BIG's proposal, named after its location on the corner of Howe and Beach next to the Granville Street Bridge in downtown Vancouver, calls for a 600 residential unit 49-story tower, which will become the fourth tallest building in the city. The tower rests on a nine-story commercial and retail base, offering market-rental housing.
The tower takes its shape after the site's complex urban conditions aiming to optimize the conditions for its future inhabitants in the air as well as on the street level. At its base, the footprint of the tower is conditioned by concerns for two significant neighboring elements, including a 30-meter setback from the Granville Bridge which ensure that no residents will have windows and balconies in the middle of heavy traffic as well as concerns for sunlight to an adjacent park which limits how far south the building can be constructed. As a result the footprint is restricted to a small triangle.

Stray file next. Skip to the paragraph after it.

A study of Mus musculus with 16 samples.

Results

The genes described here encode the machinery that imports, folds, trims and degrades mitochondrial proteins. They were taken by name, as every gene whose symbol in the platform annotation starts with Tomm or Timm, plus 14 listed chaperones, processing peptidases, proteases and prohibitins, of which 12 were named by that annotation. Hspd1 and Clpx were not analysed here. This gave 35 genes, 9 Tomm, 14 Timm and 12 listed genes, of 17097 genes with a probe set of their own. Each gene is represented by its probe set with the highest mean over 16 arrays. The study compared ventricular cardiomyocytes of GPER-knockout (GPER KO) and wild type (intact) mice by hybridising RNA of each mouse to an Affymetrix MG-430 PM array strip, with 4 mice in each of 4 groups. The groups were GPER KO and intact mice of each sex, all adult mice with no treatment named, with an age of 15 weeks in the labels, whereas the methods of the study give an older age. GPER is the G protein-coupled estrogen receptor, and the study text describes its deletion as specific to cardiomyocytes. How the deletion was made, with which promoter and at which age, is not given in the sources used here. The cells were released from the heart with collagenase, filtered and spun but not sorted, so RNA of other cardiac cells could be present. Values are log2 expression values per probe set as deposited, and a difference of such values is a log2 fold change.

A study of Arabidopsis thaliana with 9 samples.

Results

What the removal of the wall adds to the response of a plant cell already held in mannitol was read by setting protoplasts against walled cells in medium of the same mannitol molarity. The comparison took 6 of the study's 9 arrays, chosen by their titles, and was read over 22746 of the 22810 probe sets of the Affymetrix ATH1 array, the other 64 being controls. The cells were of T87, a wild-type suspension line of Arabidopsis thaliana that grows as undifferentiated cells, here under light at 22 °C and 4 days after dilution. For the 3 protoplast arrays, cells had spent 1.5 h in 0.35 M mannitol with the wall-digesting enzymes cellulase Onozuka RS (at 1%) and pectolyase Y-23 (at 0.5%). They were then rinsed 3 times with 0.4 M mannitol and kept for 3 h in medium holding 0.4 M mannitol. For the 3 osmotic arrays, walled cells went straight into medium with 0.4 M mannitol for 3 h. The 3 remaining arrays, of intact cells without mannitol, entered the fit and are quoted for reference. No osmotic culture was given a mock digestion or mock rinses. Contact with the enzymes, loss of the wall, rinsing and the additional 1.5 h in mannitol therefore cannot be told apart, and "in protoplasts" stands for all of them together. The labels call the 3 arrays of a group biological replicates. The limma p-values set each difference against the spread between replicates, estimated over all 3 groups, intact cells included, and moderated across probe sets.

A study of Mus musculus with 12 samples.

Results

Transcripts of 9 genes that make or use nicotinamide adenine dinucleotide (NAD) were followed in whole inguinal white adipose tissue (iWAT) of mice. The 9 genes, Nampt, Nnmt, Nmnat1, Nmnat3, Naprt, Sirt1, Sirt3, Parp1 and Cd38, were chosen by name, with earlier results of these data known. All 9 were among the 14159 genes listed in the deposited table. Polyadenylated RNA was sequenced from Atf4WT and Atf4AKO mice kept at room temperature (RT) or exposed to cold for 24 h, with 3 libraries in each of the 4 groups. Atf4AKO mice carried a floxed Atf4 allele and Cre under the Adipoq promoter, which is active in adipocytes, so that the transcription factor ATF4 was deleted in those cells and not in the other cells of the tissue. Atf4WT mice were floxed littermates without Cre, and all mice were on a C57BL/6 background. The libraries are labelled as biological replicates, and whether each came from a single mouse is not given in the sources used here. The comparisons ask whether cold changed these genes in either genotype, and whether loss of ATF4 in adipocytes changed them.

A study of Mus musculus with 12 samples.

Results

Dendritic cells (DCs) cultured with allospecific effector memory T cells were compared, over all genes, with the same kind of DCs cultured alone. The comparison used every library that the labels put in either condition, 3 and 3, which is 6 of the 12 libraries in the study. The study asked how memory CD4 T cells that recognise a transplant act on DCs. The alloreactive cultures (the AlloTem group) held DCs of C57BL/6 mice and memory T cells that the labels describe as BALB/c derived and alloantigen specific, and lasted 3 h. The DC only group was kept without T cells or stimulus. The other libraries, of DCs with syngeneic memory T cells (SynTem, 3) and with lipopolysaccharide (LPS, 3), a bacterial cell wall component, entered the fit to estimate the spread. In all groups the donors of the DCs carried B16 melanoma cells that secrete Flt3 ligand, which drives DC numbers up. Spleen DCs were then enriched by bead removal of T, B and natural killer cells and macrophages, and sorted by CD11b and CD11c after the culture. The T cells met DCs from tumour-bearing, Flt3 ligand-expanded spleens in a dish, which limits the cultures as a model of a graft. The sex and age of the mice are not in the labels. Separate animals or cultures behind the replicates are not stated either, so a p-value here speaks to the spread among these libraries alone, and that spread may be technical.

As the tower ascends, it clears the noise, exhaust, and visual invasion of the Granville Bridge. BIG's design reclaims the lost area as the tower clears the zone of influence of the bridge, gradually cantilevering over the site. This movement turns the inefficient triangle into an optimal rectangular floor plate, increasing the desirable spaces for living at its top, while freeing up a generous public space at its base. The tower's podium is a mixed-use urban village with three triangular blocks that are composed of intimately-scaled spaces for working, shopping, and leisure which face onto public plazas and pathways. The additional public space adds to the existing streets, giving the neighborhood a variety of open and covered outdoor spaces of various scales which transform the site under the Granville Bridge into a dynamic and iconic mixed-use neighborhood hub.
The courtyards created by the building volumes, roofs, and terraces are all designed to enhance views from the Granville Bridge and the residential units above. The canted, triangular clusters of green roofs create a highly graphic and iconic gateway to an from the downtown core, reinforcing the City of Vancouver's focus on sustainable cities. The exterior facades respond to the various solar exposures which is integral to the overall sustainability concept. The building will strive for LEED Gold Certification.